A Darwinian Dynamic

Harvey Smith, team member on such projects as System Shock, Deus Ex and Thief : Deadly Shadows, gives an interview with Gamasutra which you can enjoy here. I found Harvey's views on the games industry a real pleasure; this is a guy who understands the history of gaming and the need avoid stagnancy by introducing revolutionary concepts into the community. Harvey is now a creative director at Midway Austin, toying with such ideas as "cell phone players [being] the butterflies in MMO's" and "players in a chat lobby being pulled into shooters for micro play sessions, playing the parts of throw-away enemies or even the player-character's semi-autonomous rockets." Harvey says, "Some of that is starting to happen, which is cool."

Bringing together various gaming platforms, combining previously disparate gameplay elements (orc slaying and butterfly flapping, for example) and enabling players to experience both alongside one another; cool indeed! Such a concept as connecting mobile phones to MMOs such as World of Warcraft are not new, but the potential to include a swathe of new, eager gamers into the online sphere simply by accessing their familiar mobile devices seems like an opportunity to share gaming with a diverse and uninitiated audience. I look forward to a time I can text my (imaginary) long-time City of Heroes playing friend, ask him to show me where to find the underground layer of the evil Dr. Spelunker, and have him pop into my world as a helpful monkey-sidekick using the phone in his (fictional) holiday villa.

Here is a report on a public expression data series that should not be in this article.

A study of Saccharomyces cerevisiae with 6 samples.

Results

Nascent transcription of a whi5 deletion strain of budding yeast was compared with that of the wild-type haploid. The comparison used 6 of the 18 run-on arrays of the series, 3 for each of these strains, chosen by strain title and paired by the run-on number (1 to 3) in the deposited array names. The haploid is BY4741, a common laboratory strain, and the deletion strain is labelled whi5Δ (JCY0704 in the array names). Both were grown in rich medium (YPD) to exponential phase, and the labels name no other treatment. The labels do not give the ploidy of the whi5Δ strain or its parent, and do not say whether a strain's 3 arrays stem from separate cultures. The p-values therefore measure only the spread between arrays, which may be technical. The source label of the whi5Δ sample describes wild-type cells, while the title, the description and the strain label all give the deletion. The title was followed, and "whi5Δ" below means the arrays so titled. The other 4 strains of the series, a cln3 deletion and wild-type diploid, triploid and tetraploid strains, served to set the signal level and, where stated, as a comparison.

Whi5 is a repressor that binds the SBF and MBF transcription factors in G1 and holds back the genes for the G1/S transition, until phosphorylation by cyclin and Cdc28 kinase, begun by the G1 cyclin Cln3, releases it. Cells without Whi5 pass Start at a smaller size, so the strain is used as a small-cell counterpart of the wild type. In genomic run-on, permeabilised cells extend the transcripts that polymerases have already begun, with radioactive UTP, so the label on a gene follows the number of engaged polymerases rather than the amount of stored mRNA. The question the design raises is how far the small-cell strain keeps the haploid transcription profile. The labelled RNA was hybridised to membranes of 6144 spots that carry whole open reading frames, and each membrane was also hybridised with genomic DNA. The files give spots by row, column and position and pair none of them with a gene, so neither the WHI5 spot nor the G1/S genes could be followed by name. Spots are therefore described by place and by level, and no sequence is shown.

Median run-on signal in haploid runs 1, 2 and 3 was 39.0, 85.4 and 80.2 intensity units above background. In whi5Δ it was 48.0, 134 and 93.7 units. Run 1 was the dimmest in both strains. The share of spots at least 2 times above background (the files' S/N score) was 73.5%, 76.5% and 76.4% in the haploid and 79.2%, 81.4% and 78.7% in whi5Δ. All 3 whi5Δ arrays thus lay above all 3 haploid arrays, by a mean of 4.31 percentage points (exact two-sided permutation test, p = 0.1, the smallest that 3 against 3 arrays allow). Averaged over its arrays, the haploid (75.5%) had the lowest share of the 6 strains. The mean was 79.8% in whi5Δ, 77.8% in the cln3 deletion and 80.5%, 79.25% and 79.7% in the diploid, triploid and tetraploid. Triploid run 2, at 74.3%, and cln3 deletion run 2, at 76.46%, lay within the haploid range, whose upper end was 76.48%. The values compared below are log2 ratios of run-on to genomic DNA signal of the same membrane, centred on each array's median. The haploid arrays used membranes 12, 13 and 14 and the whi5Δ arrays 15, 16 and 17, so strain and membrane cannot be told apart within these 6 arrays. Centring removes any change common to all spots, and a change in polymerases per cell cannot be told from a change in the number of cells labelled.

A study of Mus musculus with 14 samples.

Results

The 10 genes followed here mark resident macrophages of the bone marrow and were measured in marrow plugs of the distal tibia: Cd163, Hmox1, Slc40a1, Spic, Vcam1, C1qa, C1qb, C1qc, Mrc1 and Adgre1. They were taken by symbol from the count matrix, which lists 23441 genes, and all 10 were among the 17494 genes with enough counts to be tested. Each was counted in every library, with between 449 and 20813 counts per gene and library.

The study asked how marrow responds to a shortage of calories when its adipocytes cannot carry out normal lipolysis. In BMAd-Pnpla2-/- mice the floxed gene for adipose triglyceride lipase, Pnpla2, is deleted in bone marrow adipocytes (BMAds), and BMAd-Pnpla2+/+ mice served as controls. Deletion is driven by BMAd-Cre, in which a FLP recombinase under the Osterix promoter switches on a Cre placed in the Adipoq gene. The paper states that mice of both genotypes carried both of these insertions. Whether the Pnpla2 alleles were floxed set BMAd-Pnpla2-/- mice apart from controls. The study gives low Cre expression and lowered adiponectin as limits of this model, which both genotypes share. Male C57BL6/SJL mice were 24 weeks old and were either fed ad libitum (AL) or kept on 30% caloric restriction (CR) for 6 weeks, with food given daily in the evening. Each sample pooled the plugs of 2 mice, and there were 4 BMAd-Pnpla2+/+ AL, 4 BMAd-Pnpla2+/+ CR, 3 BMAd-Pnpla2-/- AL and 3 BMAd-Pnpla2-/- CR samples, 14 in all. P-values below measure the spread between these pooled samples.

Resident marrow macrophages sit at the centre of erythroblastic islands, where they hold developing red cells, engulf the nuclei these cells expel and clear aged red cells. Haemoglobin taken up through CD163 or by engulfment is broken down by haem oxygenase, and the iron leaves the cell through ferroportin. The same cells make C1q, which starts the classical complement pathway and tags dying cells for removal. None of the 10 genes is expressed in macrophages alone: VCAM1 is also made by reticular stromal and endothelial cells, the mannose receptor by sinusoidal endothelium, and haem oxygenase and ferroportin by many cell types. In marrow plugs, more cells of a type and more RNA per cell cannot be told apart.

"I don't have strong opinions about the way "the game industry" should go. There's a Darwinian dynamic that will drive that [...] I think that "good things happening for the industry" will be a second order consequence of creative people doing what they love." - Harvey Smith

1 comment:

Ciaran Hanway said...

I'm always really impressed by the imagination and ingenuity of people, as evidenced by this article. Computers accelerate this by making it easy to realise these imaginings.

I think the future of gaming is definitely online. The social aspect of the web (including things like blogger) is proving really good at retaining interest and subscribers.

I also think that one day we might see a broad acceptance of online gaming or online worlds as just another medium for people to interact and for ideas to spread. It is happening now anyway:

Remember when the internet was only the preserve of geeks: Normal people needn't apply? That was 10-15 years ago. Give it another 10 years and social gaming will take off I think.